Part-time jobs are awesome. If you’re in college, they’re an excellent way to defray your tuition costs (or afford all those late-night diner trips.) If you’re a grad, they’re a great way to supplement the income from your regular job.
And part-time jobs are also excellent because having one will naturally teach you some essential money lessons.
Being different is something that’s regularly knocked out of us when we’re younger. We’re brought up to act in a way that society deems acceptable. There are specific ways of doing things. From how we treat each other to how we behave in public. This baseline behaviour helps to fuel our future growth. We start to change, to properly get a grasp of how it all works and how we can fit into this system.
I remember opening my first payslip and thinking there’d been some mistake. I was supposed to be making $550 or so a month, so why was so much money missing?
My mum patiently explained how taxes worked—to be fair; we’d had that conversation before, but I’d forgotten entirely about the government’s cut while fantasising about what I could buy with my new salary.
A part-time job prepares you to calculate how much you’ll pay in taxes when you get your first full-time job—and that info is super important!
It’s always easier to spend money that you haven’t earned. When my parents were footing the bill, I used to make a daily stop at Starbucks for a Frappuccino and a scone!
However, once that $8 started coming from my wallet, I realised each meal was costing me an hour’s worth of answering phones and organising files. I started eating breakfast at home.
Maybe you love expensive concerts. But is one night worth a whole month at your job? For some people, it is; for others, it’s not. When you’ve put in the time and the sweat, you can make calculated decisions about how much specific purchases matter to you.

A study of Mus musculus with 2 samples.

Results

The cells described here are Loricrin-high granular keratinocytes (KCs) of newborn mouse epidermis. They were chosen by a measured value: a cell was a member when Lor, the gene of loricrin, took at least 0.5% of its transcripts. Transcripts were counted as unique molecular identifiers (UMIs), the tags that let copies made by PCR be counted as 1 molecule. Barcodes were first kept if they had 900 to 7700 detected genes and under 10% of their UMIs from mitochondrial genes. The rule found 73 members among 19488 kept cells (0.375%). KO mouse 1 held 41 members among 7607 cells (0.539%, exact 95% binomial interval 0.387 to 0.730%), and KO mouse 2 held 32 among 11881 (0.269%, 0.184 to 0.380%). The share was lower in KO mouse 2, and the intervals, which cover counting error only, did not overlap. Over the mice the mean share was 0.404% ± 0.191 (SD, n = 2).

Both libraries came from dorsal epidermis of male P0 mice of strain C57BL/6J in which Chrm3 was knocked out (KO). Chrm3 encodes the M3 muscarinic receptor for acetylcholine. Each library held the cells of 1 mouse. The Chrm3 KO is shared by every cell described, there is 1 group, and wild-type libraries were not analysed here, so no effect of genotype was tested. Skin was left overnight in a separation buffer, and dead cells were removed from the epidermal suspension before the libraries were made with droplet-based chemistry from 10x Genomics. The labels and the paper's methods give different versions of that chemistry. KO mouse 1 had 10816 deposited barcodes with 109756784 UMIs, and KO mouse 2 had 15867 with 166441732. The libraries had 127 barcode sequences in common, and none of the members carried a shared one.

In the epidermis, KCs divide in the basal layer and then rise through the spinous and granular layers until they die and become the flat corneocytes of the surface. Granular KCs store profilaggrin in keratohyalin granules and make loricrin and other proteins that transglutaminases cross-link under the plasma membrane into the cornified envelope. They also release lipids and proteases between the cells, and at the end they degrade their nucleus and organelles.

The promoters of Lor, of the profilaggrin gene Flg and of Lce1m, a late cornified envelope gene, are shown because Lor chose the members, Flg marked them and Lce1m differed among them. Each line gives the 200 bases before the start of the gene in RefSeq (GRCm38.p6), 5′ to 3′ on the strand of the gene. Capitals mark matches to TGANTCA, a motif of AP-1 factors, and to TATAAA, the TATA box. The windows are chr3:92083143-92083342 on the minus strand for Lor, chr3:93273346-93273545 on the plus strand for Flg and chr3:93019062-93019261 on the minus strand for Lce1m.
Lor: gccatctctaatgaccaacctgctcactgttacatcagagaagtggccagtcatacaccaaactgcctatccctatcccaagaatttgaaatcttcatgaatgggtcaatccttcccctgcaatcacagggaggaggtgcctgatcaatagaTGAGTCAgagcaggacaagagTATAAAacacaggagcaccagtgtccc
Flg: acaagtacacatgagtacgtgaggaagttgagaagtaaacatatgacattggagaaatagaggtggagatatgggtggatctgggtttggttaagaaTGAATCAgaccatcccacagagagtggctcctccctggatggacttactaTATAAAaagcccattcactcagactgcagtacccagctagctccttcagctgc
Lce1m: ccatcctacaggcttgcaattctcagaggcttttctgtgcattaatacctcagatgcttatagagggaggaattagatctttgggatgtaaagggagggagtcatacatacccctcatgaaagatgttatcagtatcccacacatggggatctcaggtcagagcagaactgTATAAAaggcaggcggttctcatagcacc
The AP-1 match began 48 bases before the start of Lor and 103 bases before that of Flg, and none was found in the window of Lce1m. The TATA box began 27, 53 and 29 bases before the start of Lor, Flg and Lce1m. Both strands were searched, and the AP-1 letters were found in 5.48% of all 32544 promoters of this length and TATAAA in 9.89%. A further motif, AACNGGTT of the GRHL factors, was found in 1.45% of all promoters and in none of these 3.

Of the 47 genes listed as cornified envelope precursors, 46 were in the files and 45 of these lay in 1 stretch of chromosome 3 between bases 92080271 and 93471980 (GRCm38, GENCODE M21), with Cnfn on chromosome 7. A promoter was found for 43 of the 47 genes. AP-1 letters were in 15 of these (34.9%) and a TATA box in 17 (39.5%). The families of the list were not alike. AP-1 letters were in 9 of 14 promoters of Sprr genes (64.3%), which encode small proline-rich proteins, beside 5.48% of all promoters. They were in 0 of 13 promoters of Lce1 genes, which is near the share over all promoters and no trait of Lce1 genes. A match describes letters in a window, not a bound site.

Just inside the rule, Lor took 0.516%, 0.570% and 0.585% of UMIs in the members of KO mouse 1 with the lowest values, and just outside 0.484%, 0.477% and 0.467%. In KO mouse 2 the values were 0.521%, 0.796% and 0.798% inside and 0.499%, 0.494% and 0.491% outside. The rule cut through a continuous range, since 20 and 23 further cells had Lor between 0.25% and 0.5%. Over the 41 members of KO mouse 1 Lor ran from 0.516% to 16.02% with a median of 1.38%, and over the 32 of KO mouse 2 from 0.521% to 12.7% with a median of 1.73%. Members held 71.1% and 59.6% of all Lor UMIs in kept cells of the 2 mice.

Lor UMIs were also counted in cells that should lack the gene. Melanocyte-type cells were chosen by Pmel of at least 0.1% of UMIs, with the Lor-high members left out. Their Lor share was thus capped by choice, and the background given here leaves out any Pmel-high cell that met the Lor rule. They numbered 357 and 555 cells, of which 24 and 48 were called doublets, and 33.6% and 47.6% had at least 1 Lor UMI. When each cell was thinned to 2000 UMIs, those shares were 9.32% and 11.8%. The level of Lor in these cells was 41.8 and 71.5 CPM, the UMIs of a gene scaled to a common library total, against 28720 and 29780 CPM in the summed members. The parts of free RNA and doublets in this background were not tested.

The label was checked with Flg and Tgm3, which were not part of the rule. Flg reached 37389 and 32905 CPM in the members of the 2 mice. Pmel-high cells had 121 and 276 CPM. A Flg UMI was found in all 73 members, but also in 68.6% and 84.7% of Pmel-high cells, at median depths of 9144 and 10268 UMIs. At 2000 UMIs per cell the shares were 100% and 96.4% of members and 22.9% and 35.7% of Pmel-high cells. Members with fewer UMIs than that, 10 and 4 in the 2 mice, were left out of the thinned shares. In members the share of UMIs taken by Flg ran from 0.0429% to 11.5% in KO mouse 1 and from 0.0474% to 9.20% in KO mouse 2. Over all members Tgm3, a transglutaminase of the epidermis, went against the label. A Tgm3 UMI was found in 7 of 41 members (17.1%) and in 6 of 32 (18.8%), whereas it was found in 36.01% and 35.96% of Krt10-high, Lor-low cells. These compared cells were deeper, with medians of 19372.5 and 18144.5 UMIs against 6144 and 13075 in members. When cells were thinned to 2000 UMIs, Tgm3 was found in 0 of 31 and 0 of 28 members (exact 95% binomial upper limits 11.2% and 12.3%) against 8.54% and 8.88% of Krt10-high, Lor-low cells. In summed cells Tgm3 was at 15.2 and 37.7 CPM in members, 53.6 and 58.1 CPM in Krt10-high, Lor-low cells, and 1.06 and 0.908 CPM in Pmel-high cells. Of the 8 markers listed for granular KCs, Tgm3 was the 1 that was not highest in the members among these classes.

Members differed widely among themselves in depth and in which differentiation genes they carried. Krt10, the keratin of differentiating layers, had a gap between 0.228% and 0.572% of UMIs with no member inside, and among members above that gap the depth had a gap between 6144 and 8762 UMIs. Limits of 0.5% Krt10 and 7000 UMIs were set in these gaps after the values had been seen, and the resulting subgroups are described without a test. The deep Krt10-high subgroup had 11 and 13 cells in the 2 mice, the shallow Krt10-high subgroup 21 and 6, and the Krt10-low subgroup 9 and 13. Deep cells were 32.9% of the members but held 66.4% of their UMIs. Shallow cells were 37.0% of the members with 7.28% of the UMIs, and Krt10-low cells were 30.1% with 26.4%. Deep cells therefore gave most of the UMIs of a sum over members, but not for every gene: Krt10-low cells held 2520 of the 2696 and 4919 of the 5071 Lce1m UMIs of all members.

Once you’ve got a steady source of income, you need to figure out how much you’ll save, spend, and put away for the future. I’ll admit I didn’t budget the income from my first two part-time jobs, but by my third, I’d finally got a system. I reserved half of every paycheck for food, put 30% toward my loans, and left 20% for clothes, school supplies, going out, and other miscellaneous expenses.
If you don’t save any money from your part-time job, is it the end of the world? No, but if you don’t budget the money from your first full-time position, the consequences are a lot more dangerous. That’s why it’s great to get practice budgeting now.
Whether your part-time job is at a tutoring centre, restaurant, retail store, or office, how other people view you will always impact how much money you make.
And this is most evident in places where employees receive tips; the pleasant, cheery workers tend to get more than the sullen or disinterested ones.
However, the same effect plays out in every workplace. Not only will your peers be more likely to want to work with you if you’re kind and upbeat, but management is also much more likely to reward you with a raise, promotion, unique opportunities, or privileges.
The bottom line: even though your part-time job might not be having the most significant impact on your bank account, the financial wisdom you’ll gain as a result of having it is invaluable!